July 12, 2010 • Issue 10:07:01

Managing your most important asset

By Jeff Fortney
Clearent LLC

It's the asset we all own, rich or poor. It's finite, yet called infinite. And once it's used, it can never be recovered. No one can corner the market, and no monopoly can set the price because it doesn't have a universally quantifiable cost. Have you guessed what I'm talking about?

It's time

We have all left meetings that seemed to waste our time and heard someone say, "There's an hour I'll never get back." In truth, every hour that passes is sixty minutes we will never get back.

Time management systems comprise a huge industry. The plethora of time management tools, from generic to customized, all stem from the need to better manage this valuable asset.

Yet it is the one tool in the ISO and merchant level salesperson (MLS) toolbox that is most often wasted. We are often advised to always be selling and reminded that every situation is a sales opportunity. But when it comes to purposefully managing time spent selling, most of us fall short.

Six steps toward stellar sales time

Successful ISOs and MLSs are intentional and disciplined when it comes to using time. Follow their example with these six steps:

  1. Schedule sales time: Appointments are important; people don't tend to add frivolous activities to their schedules. But it's easy to set the wrong kind of appointments when your schedule appears free. It takes focus to ensure that sales appointments are for true sales efforts.

    Treat scheduled sales time as valuable. Don't just book time; book the right time. And schedule your sales time around your target market. For example, don't schedule sales time for restaurants between 11 a.m. and 2 p.m.; that's their lunch rush.

  2. Set aside separate time for support tasks: Never pass up an opportunity to sell if it arises, but also schedule time to plan your sales efforts, handle the mundane day-to-day tasks and ultimately de-stress. (A good salesperson gets a fair share of rejection. If you don't de-stress daily, your sales efforts will ultimately falter.)

    Know your market, and schedule your planning and preparation time for when you would be the least effective if you were selling on the phone or in the field.

  3. Plan how you will use your sales time: Just booking time for sales does not ensure you will spend your time wisely. Preplan the use of your booked time.

    This is not planning your presentation or honing sales techniques. These are important to your efforts, but they are not at the heart of managing your time. This form of planning calls for carefully allocating how much time you intend to spend on each sales-related task, so you can set and measure objectives for what you hope to accomplish within each time frame.

    Failure to plan your time results in lost time. Plan your calls, your efforts and your targets prior to your scheduled time. And protect your dedicated sales time; make every effort to avoid cutting into it. Keep in mind that drive time is not sales time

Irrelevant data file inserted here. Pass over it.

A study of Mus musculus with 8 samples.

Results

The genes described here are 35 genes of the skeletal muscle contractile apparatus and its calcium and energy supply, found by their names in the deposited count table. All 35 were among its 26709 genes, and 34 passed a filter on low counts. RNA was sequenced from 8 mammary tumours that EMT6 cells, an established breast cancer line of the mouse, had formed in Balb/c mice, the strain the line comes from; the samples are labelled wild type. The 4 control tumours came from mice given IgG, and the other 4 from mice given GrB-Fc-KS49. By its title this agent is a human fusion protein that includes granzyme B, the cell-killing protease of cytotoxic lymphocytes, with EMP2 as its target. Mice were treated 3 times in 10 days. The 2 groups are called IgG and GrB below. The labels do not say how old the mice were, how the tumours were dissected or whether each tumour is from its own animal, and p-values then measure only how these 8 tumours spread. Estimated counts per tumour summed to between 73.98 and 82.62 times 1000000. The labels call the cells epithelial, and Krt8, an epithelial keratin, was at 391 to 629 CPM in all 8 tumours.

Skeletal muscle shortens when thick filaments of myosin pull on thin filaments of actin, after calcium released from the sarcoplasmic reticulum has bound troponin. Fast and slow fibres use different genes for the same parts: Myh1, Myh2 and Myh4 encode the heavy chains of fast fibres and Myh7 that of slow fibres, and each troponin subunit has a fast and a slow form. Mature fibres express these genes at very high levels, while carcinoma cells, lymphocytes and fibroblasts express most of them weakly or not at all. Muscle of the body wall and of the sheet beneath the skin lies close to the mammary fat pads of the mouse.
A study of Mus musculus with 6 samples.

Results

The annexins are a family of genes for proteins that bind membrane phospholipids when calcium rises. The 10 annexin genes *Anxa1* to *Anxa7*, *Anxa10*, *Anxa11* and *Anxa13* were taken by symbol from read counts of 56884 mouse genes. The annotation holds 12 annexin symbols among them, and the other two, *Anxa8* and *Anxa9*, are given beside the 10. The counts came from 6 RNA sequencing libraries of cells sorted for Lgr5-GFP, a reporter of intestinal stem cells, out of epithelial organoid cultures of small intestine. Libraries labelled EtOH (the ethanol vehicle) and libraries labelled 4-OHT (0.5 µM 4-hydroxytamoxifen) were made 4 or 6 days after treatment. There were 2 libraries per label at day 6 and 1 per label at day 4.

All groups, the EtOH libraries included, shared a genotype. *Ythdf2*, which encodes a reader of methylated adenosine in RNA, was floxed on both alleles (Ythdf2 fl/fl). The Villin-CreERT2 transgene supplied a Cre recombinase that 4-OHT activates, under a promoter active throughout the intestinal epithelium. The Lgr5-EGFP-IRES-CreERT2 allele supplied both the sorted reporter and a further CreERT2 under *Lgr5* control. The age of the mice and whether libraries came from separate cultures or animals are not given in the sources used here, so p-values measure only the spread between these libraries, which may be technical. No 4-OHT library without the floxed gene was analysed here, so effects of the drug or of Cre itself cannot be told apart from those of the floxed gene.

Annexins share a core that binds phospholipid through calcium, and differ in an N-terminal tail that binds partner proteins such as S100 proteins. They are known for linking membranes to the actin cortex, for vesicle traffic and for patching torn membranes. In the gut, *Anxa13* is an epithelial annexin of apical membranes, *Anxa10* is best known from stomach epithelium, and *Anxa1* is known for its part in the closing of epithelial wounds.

4. Avoid distractions: It happens to everyone. During your scheduled sales time, you receive a call from a merchant with a serious issue (or so it seems to him or her). It's important to handle the concern, but it's also necessary to mitigate its impact on your scheduled sales time.

    Assess the problem as quickly as possible. Does it involve something you must physically handle? Can you handle it with a phone call? How time-critical is the issue? Can it be addressed during time scheduled for support tasks?

    Always address merchants' concerns as rapidly as possible. But remember, not all of these "urgencies" are truly urgent. Many issues can be handled appropriately with a quick phone call on the spot or after your sales time.

    Weigh the importance of addressing the issue immediately against the value of your lost sales time. If you must address it right away, do so. But then extend your sales time accordingly, or add time to your next sales effort.

    The key to not getting embroiled in distractions is to identify the issue and consider the ramifications of addressing it now versus later.

  5. Document, document, document: Leading time management systems require that you document your activities. The importance of this is obvious. Unless you can refer to how you spent your time, you have no way to measure the effectiveness of your planning efforts.

    Outline your sales plan, describe the results after each call and note the time spent. Review these actions weekly, and identify the most successful efforts, as well as those that wasted time.

    Increase your time spent on productive efforts, and thus reduce waste in the future.

    Do not ignore this step. Failing to conduct a thorough review will negatively affect your sales results and cause you to become increasingly frustrated.

  6. Finally, spend all your time wisely. It's the most valued asset you have. (I hope you read this on time set aside for professional enrichment.)
end of article

Jeff Fortney is Director of Business Development with Clearent LLC. He has more than 12 years of experience in the payments industry. Contact him at jeff@clearent.com or 972-618-7340.

Notice to readers: These are archived articles. Contact names or information may be out of date. We regret any inconvenience.